This week we look into the implications of the SEC revealing it was hacked and the CFPB's arbitration ruling.
SEC reveals it was hacked, information may have been used for illegal stock trades
A data breach of any kind is unnerving. Their implications can vary and in the recent case involving the SEC they can be used for illicit trading in the stock market. Renae Merle of the Washington Post has the story: "The latest announcement could hamper the SEC’s efforts to collect more detailed information about stock trades into a central database that could make it easier for the agency to detect market manipulation. Some key Wall Street figures, including the New York Stock Exchange, have warned the database could become a target for hackers."
CFPB arbitration rule is an undeniable win for consumers
In a ruling eliminating mandatory arbitration clauses in most consumer credit and financial agreements, the CFPB seemingly snags a win for consumers. As Dean Clancy points out, "The CFPB’s rule restoring the optional nature of such clauses, for millions of Americans, may be bad news for alleged corporate wrongdoers like Equifax and Wells Fargo, but surely for the victims of such wrongdoing — and for consumers, generally — it is good news indeed."
Equifax Confirms Another 'Security Incident'
In what has already been an infamous security breach, Equifax continues to roll out disturbing news, confirming that earlier this year there had in fact been an additional, unrelated security breach involving a payroll service. Merrit Kennedy writes about the debacle: "Equifax's spokesperson characterizes this second breach as the "March event." However, it appears that the incident in question may have lasted considerably longer than a single month."
iPhone X: The Next Wave of Mobile Banking Disruption
The latest and greatest from Silicon Valley might change the game from a mobile banking perspective. As Jim Marous indicates, the iPhone X certainly has new and potentially game-changing technology. The adoption of this tech comes down to the culture of the individual bank: "From one-touch purchases at Amazon, hailing a ride with Uber, or making P2P payments with Venmo, consumers appreciate these ‘new and improved’ digital capabilities that can make their lives easier. The banking industry is no different (albeit somewhat slower to embrace new technologies). Different perspectives on the urgency of innovation have created a gap between ‘early movers’ and self-proclaimed ‘fast followers.’"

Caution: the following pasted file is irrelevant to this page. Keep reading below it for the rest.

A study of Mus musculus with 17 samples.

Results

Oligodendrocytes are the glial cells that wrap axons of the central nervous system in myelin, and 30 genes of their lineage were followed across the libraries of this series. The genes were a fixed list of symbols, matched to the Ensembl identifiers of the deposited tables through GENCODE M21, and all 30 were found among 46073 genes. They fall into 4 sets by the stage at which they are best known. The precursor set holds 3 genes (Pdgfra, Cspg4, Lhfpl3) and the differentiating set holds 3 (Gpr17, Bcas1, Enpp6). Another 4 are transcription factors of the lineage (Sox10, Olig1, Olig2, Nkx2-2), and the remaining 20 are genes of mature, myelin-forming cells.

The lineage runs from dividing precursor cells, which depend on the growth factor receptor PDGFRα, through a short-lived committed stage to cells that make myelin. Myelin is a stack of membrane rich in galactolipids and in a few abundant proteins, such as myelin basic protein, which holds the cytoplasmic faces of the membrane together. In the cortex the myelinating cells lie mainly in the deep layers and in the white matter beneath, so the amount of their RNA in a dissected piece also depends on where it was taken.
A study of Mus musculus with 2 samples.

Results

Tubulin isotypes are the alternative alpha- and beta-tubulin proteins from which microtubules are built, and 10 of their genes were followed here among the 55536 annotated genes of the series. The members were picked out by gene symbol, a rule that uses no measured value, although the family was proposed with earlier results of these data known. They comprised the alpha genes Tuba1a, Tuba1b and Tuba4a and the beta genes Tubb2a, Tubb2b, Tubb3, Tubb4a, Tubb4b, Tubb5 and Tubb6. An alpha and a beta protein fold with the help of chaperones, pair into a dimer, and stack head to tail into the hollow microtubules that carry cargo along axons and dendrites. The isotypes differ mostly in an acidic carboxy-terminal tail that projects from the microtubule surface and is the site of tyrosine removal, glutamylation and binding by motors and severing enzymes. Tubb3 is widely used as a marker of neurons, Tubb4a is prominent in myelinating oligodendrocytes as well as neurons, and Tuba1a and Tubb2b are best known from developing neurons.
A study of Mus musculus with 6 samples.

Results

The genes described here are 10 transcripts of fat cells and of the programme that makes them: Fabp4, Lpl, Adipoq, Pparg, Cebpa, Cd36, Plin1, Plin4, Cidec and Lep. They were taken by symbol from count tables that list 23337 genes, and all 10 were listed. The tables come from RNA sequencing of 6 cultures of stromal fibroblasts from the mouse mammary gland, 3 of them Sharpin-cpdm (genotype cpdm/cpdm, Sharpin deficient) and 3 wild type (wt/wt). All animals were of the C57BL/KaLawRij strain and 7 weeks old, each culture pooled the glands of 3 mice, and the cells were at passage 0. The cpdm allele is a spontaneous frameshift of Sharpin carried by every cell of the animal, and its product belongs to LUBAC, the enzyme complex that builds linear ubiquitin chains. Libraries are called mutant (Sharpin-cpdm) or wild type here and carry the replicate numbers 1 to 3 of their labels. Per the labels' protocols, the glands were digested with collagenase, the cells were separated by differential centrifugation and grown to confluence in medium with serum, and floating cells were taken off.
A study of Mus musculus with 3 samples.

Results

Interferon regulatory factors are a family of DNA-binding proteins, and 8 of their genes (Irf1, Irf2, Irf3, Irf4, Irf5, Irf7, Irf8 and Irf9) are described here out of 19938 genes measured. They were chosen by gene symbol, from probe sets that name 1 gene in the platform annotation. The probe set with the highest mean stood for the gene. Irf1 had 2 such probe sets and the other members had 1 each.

Will Using AI for PFM Help Consumers Develop Better Financial Habits?
The use of AI in fintech is being explored more and more as time passes. Grace Noto of Bank Innovation delves into AI's place in fintech and questions what its impact might be: "As more banks and fintechs turn to AI to provide deeper data analytics and financial insight to their consumers, many are running up against the same challenge: using artificial intelligence to inform a customer how to change their behavior doesn’t guarantee they actually will. However, bringing these more personalized bits of financial data to the customer is a good step forward towards facilitating that change."
How banks and financial institutions are implementing blockchain technology
Blockchain technology, like any other tech in the industry, has seen slow but steady adoption by financial institutions. Its usage varies and as Andrew Meola explains, FIs are exploring each of the ways blockchain technology can be implemented, including the replacement of certain antiquated processes: "Blockchain technology proponents believe it can be used to create secure and convenient alternatives to time-consuming and expensive banking processes. And this theory seems to be gaining traction, as almost every major bank around the world is testing it."
Series: The Future of Robo Advisors and Financial Advice
To date, Robo Advisors have yet to become the industry standard. There is a reason for this, as Catherine Flax points out. She writes, "You expect your doctor to examine you thoroughly-you wouldn’t gamble on your health by accepting advice based on incomplete information, and you shouldn’t gamble on your finances that way either. Because of this, the Robo-advising community needs to re-think what really helps consumers and innovate in that direction."